Carbon Neutrality

Lake Matheson © P Hlavacek

Lake Matheson © P Hlavacek

We have been actively reducing our emissions for six years...

Christchurch Airport believes it is essential that positive steps are taken to address the climate change perceptions of international travellers visiting New Zealand, while also undertaking proactive efficiency initiatives as a responsible corporate citizen.  

Carbon Neutral Status                 

Six years ago, CIAL became the first airport company in the Southern Hemisphere to attain certified carbon neutral status, through the reduction and offsetting of the greenhouse gas (GHG) emissions directly generated by the airport company's operations. The airport company received carboNZeroCert TM certification from Landcare Research following a detailed measurement and analysis process. The airport company annually measures, manages, reduces and mitigates GHG arising from its operational business activities.  This process is externally audited each year.

By using a "control approach," CIAL has accounted for 100% of the GHG from operations over which it has control, this includes this includes emissions from the Terminal buildings, Propel - facilities management, Corporate office, Airport Fire Service in addition to the three commercial businesses; International Antarctic Centre, The Wash and Craddocks Car Storage. Consistent with the controls approach GHG emissions from aircraft movements, vehicles not owned by CIAL, and buildings not operated by CIAL are excluded from the CIAL inventory.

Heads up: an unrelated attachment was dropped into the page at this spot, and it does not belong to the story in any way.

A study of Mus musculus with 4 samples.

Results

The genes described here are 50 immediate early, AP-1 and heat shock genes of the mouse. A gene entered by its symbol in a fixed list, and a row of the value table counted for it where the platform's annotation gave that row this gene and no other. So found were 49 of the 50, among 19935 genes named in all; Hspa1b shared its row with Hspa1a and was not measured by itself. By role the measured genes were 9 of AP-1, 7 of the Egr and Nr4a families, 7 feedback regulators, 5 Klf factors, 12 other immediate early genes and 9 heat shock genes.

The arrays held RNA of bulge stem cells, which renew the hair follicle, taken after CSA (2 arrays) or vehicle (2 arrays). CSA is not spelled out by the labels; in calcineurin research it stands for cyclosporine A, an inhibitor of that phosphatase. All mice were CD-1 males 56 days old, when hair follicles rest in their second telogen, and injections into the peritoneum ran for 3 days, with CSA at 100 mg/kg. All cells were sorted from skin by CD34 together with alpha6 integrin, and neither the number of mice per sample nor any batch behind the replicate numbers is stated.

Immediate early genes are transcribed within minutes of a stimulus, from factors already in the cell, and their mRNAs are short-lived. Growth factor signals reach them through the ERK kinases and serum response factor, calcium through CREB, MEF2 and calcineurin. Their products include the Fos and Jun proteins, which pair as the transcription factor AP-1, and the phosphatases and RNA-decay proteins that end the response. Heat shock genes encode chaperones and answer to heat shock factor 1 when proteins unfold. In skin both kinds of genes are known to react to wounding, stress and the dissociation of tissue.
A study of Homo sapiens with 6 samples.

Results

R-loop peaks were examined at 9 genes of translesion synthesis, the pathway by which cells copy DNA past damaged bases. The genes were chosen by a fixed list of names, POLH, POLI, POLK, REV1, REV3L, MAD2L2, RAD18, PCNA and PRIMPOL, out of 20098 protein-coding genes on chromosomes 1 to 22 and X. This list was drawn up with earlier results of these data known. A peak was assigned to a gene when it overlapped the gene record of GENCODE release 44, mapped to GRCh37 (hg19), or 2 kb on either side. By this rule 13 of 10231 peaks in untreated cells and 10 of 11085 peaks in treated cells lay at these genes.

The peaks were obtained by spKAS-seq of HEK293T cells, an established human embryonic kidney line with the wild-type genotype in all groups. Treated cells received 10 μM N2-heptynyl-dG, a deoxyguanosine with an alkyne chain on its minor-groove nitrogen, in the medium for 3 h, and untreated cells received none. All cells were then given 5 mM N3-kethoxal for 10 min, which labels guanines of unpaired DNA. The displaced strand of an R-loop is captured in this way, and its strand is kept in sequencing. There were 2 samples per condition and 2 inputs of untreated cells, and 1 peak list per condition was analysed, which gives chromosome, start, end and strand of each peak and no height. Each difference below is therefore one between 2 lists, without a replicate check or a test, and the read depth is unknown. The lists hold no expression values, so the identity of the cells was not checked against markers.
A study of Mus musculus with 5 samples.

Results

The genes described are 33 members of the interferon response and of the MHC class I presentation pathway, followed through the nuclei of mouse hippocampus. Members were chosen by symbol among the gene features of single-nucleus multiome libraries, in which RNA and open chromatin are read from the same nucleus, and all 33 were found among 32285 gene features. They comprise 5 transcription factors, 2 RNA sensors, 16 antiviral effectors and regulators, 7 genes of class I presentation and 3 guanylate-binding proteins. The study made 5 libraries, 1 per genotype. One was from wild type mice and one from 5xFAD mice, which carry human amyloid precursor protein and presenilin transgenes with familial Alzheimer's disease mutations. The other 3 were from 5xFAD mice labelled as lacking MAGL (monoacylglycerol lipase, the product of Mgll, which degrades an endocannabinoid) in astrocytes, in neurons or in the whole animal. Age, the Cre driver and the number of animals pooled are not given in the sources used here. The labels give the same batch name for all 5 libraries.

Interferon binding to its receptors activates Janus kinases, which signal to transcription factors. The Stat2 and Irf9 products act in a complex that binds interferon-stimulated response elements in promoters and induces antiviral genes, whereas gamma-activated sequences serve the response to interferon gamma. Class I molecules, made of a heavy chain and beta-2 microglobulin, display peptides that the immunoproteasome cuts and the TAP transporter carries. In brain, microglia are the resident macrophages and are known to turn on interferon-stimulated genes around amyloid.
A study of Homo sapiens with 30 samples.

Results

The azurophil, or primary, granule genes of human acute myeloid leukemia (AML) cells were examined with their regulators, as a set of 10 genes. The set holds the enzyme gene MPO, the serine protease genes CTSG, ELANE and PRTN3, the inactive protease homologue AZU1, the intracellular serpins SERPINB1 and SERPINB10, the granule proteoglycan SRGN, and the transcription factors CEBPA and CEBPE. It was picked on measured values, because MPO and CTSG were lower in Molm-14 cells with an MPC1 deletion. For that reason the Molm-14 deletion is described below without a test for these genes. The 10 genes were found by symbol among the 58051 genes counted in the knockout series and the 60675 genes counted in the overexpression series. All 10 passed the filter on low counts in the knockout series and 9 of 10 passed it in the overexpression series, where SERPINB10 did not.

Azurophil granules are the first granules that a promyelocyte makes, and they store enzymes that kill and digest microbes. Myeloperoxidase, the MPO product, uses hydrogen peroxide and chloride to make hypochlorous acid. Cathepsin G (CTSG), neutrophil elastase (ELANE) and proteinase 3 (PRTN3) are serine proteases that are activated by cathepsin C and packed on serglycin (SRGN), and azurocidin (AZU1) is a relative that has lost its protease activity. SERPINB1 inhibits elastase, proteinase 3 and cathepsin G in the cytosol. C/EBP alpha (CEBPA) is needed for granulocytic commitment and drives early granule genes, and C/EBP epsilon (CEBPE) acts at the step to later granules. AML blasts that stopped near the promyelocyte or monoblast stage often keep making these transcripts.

The top ten GHG emission sources arising from CIAL operations in 2011-12 are displayed in the chart below.  Electricity use in the terminal is the largest source and equates to 52% of CIAL's total operational emissions.

Current Actions:


The airport company is committed to sustainability and environmental management and has developed an Emissions Reduction Plan to reduce current emissions. Some projects in this plan include:

  • Using groundwater as an energy source for air conditioning in the terminal to reduce electricity use. Groundwater is circulated through the heat exchange and discharges back to ground with no change in quality.
  • Optimising energy use in the terminal by carrying out regular energy audits to address any energy inefficiencies.
  • Undertaking a comprehensive waste minimisation project to reduce volumes of paper, cardboard and organic materials being sent to landfill.
  • Using recycled asphalt in the annual runway maintenance program where possible.
  • Adopting a vehicle replacement policy that includes fuel efficiency and carbon emission considerations.